So, what can you do if you have a student with addictive behavior? Obviously, you can’t just fix the problem. They are their own persons and must choose to climb out of the addiction themselves. However, there are some ways you can lead them on this journey to freedom:
1. Address the Problem.
You must acknowledge what’s going on. Denial can damage all parties involved. It’s hard and messy, but the first job of the leader (i.e. parent, teacher, coach) is to define reality. Remember Rule #1 in Alcoholics Anonymous is: Admit you have a problem.
2. Apply Discipline not Punishment
The difference between the two, of course is this: punishment looks backward at the fault and reacts in anger; discipline looks forward and acts redemptively. Students with addictive behavior don’t need more punishment; they do need discipline.
2. Build Healthy Esteem
By healthy esteem, I mean affirming good qualities your teens exhibit on the inside, such as courage or honesty. Only affirm what is true and help them build their self-esteem on reality not on flattery or exaggerated claims like: “You’re awesome!”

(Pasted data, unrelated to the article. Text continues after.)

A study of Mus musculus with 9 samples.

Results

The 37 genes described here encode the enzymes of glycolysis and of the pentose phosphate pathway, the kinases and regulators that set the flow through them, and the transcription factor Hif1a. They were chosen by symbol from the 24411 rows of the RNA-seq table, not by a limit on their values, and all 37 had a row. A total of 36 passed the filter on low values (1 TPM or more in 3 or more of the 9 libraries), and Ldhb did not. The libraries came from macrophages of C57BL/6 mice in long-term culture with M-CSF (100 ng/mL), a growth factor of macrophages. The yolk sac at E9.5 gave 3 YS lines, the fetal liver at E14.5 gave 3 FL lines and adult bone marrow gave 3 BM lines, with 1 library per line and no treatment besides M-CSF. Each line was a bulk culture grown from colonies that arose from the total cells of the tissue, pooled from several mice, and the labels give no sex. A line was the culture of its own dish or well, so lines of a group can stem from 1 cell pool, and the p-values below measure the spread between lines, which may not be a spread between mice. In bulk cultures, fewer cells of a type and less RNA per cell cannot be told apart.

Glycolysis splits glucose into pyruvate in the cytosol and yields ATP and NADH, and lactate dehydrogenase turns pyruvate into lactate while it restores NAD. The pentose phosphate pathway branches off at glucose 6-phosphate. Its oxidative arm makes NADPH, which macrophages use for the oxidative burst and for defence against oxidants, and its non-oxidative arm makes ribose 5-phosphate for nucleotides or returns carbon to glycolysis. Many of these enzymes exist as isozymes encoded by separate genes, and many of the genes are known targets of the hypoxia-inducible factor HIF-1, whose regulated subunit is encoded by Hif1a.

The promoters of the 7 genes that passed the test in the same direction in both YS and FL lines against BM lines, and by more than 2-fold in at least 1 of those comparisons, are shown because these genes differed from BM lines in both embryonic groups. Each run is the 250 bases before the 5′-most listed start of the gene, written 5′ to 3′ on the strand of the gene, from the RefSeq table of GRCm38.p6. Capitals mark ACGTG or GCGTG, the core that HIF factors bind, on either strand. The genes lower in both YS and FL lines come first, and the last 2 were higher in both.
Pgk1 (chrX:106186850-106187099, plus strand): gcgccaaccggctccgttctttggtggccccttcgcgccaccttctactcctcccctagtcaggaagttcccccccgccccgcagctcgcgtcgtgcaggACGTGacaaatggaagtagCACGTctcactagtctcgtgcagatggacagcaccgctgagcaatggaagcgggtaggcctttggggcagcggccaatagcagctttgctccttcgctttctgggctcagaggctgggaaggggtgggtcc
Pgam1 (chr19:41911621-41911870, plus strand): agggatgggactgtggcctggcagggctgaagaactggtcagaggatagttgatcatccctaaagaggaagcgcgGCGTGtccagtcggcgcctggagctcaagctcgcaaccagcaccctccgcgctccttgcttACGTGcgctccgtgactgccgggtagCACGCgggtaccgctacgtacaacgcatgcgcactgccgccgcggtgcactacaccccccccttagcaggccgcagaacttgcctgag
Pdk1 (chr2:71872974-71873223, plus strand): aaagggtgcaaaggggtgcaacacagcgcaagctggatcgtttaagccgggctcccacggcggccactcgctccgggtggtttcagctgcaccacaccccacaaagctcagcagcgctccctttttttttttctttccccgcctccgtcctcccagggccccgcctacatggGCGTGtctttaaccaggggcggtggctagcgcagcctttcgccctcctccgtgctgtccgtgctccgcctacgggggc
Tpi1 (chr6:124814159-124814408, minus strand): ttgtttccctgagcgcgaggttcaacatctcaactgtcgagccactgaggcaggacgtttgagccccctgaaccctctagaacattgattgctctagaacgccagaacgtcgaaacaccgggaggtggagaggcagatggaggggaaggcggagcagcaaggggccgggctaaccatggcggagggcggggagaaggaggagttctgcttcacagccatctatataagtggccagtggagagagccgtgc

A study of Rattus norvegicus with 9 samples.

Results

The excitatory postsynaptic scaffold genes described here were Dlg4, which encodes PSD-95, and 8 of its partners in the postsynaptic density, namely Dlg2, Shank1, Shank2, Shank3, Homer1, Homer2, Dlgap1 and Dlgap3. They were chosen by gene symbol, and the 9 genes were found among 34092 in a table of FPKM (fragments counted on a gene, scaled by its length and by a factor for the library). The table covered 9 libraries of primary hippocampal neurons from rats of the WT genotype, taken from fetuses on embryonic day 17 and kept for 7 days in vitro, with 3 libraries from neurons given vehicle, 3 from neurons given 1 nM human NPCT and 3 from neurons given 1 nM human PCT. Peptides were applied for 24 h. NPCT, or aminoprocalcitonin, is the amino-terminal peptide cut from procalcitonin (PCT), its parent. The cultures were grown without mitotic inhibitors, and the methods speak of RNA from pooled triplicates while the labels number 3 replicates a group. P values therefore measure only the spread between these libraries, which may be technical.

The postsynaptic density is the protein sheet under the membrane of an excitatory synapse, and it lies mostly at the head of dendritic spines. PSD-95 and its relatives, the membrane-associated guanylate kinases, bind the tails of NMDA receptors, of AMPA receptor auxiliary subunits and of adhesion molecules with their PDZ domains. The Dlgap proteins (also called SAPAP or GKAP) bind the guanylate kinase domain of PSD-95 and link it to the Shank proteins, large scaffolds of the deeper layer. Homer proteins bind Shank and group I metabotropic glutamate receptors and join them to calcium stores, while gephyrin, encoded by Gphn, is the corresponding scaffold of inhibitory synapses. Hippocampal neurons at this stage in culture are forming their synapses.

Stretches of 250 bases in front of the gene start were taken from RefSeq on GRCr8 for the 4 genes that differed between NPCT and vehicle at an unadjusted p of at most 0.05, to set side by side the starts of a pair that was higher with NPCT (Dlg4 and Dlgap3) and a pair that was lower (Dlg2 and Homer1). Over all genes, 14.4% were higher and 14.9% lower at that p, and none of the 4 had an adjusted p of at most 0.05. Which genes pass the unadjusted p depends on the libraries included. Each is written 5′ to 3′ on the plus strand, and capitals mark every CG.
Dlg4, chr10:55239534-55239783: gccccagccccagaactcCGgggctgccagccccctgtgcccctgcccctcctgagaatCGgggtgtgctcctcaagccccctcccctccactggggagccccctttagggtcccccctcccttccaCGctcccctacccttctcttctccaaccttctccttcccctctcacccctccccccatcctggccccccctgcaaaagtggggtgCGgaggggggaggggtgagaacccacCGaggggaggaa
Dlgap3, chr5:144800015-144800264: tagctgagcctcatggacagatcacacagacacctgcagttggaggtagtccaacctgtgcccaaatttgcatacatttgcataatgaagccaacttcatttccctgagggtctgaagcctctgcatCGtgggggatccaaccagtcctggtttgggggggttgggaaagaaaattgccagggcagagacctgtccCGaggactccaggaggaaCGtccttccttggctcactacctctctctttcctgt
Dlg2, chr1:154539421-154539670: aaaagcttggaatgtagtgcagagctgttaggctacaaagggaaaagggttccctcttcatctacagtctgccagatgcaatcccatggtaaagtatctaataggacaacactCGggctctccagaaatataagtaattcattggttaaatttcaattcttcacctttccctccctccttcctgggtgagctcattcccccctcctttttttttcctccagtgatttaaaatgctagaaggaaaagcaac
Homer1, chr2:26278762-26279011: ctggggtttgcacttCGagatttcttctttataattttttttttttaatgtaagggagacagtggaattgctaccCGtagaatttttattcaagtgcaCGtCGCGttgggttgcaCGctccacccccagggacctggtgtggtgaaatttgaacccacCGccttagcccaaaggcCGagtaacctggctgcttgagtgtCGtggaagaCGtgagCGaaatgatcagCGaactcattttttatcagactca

3. Get Accountability and Support Yourself.
Don’t enter this journey of helping a kid out of addictive behavior without sources of encouragement and accountability for yourself. Both you and your teen need this support if you’re going to stay healthy and strong in route to freedom.
4. Demonstrate Firm Leadership
You’ll likely need to tighten the reigns in your leadership as a parent or teacher. Anyone who’s addicted to something becomes brilliant at sweet talking others into believing they’re fine or persuading people they can be trusted with freedom.
5. Communicate Constantly and Transparently
During the intervention time, it is almost impossible to over-communicate. Talk a lot to your student with addictions as well as your doctor, counselor and any other party involved. Keep the lines open and model honest disclosure and transparency.
6. Find the Right Counselor.
Identifying the right counselor is paramount. There are good ones and bad ones practicing today. Find a counselor that sees the big picture, actually displays concern for your student and who can be both tough and tender in your sessions together.
I am certain these are not the only steps that help a teen out of addictive behavior. What would you add to the list above?